Health Center Care is Value-Based Care

November 11, 2020

Value-based care works for small, independent primary care practices. And now, thanks to some stellar 2019 results, we know it works for health centers, too.

Our West Virginia federally-qualified health center (or FQHC) ACO proved it. Back in 2017, Aledade and a group of 10 FQHCs across the state of West Virginia joined together to form an ACO. It was a new step for Aledade, and for these health centers. Health centers, or FQHCs, are groups that provide community-based, comprehensive, integrated primary care to a wide range of patients. They care for everyone – Medicare beneficiaries, Medicaid, Medicare Advantage, private health insurance, and many of the uninsured. They serve as the essential health care safety net for communities across the country.


At Aledade, we started our work with small, independent primary care practices, so we quickly realized that working with these larger, more complex organizations would require some tweaks to our original tools if the data we were providing was to be actionable to the FQHCs. The health centers realized that they’d be receiving a wealth of new data from Aledade – data that would be extremely valuable in caring for the patients in their community.

So we got to work. For the next two years, we worked as partners, building and improving the data delivery at the site level. We wanted to make sure that health centers had pertinent information for their patients, right when they needed it. We worked on interfaces so that these providers could get real-time, patient-level information to help them care for their patients. We helped these health centers identify who on their team would own the care management and quality aspects of our initiatives and built the workflows that they would use to optimize patient care. The data is good. Actionable data that goes into a thoughtfully-designed workflow is better.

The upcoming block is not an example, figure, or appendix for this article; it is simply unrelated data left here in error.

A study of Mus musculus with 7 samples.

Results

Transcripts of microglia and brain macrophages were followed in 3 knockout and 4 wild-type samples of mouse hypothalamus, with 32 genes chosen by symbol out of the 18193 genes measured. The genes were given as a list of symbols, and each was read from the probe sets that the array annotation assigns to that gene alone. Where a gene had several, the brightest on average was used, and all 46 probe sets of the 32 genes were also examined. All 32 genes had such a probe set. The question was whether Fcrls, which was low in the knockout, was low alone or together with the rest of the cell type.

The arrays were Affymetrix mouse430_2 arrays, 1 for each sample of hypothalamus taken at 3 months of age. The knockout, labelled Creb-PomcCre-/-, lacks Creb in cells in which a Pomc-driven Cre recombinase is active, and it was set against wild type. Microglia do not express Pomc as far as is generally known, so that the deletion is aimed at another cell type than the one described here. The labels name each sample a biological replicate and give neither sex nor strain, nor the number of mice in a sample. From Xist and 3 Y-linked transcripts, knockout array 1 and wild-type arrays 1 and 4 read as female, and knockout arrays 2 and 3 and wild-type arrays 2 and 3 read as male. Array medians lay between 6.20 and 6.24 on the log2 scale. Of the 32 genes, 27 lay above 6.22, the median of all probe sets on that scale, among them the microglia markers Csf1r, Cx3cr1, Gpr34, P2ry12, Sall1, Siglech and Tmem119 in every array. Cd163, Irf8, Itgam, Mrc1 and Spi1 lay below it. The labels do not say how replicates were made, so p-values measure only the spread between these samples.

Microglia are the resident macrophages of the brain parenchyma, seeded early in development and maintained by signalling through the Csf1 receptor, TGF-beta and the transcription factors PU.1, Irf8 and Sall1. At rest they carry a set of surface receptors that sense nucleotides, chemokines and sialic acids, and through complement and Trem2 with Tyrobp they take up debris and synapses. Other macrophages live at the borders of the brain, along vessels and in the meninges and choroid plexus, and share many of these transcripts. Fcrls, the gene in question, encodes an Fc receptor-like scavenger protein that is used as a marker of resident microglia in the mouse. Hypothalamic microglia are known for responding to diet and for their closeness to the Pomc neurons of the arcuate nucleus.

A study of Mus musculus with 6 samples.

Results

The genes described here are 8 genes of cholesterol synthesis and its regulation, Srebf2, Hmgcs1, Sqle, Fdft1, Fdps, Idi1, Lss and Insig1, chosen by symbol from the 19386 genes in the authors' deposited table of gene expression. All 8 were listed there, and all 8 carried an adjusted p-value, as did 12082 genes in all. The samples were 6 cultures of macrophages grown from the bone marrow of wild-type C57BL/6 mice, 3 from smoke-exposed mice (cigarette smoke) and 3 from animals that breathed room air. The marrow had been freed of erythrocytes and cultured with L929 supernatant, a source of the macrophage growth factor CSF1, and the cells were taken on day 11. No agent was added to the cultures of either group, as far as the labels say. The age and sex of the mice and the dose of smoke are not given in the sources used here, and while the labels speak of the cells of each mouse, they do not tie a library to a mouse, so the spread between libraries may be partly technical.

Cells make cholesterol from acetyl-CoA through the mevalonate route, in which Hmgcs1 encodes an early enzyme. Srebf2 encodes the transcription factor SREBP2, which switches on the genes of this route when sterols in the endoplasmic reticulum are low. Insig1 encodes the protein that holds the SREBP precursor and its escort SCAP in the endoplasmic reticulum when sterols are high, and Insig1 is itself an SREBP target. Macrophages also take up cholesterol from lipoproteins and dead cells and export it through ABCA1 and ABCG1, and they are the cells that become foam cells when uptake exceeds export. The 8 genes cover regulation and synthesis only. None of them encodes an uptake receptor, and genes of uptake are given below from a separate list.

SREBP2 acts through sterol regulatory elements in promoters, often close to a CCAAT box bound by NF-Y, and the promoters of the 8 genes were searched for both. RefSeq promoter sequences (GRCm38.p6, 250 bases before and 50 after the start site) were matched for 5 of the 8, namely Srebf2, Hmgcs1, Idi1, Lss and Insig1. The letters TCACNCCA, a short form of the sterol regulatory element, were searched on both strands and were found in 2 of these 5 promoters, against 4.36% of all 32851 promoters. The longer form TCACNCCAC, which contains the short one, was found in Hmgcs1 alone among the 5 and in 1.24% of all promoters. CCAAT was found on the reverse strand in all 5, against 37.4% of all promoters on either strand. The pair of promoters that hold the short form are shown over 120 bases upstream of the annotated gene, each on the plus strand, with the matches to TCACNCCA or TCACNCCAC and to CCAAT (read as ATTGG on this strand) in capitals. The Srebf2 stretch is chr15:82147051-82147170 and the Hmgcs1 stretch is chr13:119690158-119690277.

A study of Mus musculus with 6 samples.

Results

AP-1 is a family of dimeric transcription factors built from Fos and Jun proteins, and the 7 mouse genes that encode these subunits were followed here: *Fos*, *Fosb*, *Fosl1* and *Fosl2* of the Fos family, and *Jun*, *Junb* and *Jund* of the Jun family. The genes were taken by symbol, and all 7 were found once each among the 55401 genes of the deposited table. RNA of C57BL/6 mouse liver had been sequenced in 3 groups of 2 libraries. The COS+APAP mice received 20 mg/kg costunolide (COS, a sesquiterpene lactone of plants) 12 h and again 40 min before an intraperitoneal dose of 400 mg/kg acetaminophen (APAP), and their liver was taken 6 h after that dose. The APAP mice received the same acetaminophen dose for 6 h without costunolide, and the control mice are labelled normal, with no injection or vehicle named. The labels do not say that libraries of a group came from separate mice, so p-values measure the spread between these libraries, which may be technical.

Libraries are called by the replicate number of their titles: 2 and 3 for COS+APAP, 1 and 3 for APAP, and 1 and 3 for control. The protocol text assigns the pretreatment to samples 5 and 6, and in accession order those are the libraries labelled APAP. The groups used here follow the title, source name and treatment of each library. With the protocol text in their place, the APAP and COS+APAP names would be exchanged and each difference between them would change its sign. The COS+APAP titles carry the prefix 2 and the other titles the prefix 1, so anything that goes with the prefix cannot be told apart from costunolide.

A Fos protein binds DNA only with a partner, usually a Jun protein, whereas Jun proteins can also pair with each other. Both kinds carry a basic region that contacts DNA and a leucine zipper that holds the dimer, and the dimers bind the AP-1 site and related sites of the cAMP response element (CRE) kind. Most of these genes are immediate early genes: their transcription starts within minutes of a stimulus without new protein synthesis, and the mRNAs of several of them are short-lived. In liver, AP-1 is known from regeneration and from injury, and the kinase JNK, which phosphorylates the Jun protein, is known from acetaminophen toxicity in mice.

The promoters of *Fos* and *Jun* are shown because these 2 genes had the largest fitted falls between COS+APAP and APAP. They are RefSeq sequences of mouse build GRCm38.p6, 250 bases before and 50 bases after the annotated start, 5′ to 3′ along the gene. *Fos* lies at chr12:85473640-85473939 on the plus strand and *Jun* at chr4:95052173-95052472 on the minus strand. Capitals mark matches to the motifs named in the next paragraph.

By 2019, we started to see promising results. So we started to grow. Since we were confident in our efforts, we decided to add 7 additional FQHCs in West Virginia to the ACO. Our plan was to get the new health centers “up to speed” during 2019 and move to our second contract in 2020. 

That’s when the federal government threw a curveball. CMS announced that there would be no new starts for ACOs in 2020. In our ACO alone, 41 percent of our health centers were brand new to the ACO world. We had a decision to make. We could extend our original contract or we could move to a new contract in July of 2019. We could even move to a new contract, with more risk, in July. In other words, we could play it safe, or we could make a big bet that we had figured out the way for health centers to succeed in value-based care. 

“Would that be crazy?” we asked ourselves. Some of the new health centers were really only getting started with things. So we took a close look at the progress we had made together. We consulted with the teams at these health centers, and we all felt confident that we could do it. We had tailored our product and processes for these larger multi-site organizations. The teams at the health centers were utilizing the data to optimize visits and quality outreach. As a group, we decided that everything was in place for us to be successful. We were ready. We chose to go to risk in July. 

And the results speak for themselves. We saved Medicare more than $9 million, by providing better care to more than 28,000 patients. We helped these health centers achieve a score of more than 92% on their quality metrics and reduce inpatient admissions by 7%.

Every single one of Aledade’s health center ACOs in 2019 earned shared savings in the Medicare Shared Savings Program.

I am so glad we bet big on health centers, and went to risk. Health centers are perfectly positioned for value-based care – they’re already focused on keeping their patients healthy, despite challenging circumstances, and moving to value-based care finally reward them for that work. I am so thankful for the partnership that I have with this group of health centers and I look forward to continued success to our ACO as they continue to provide great quality care for their patients and their communities.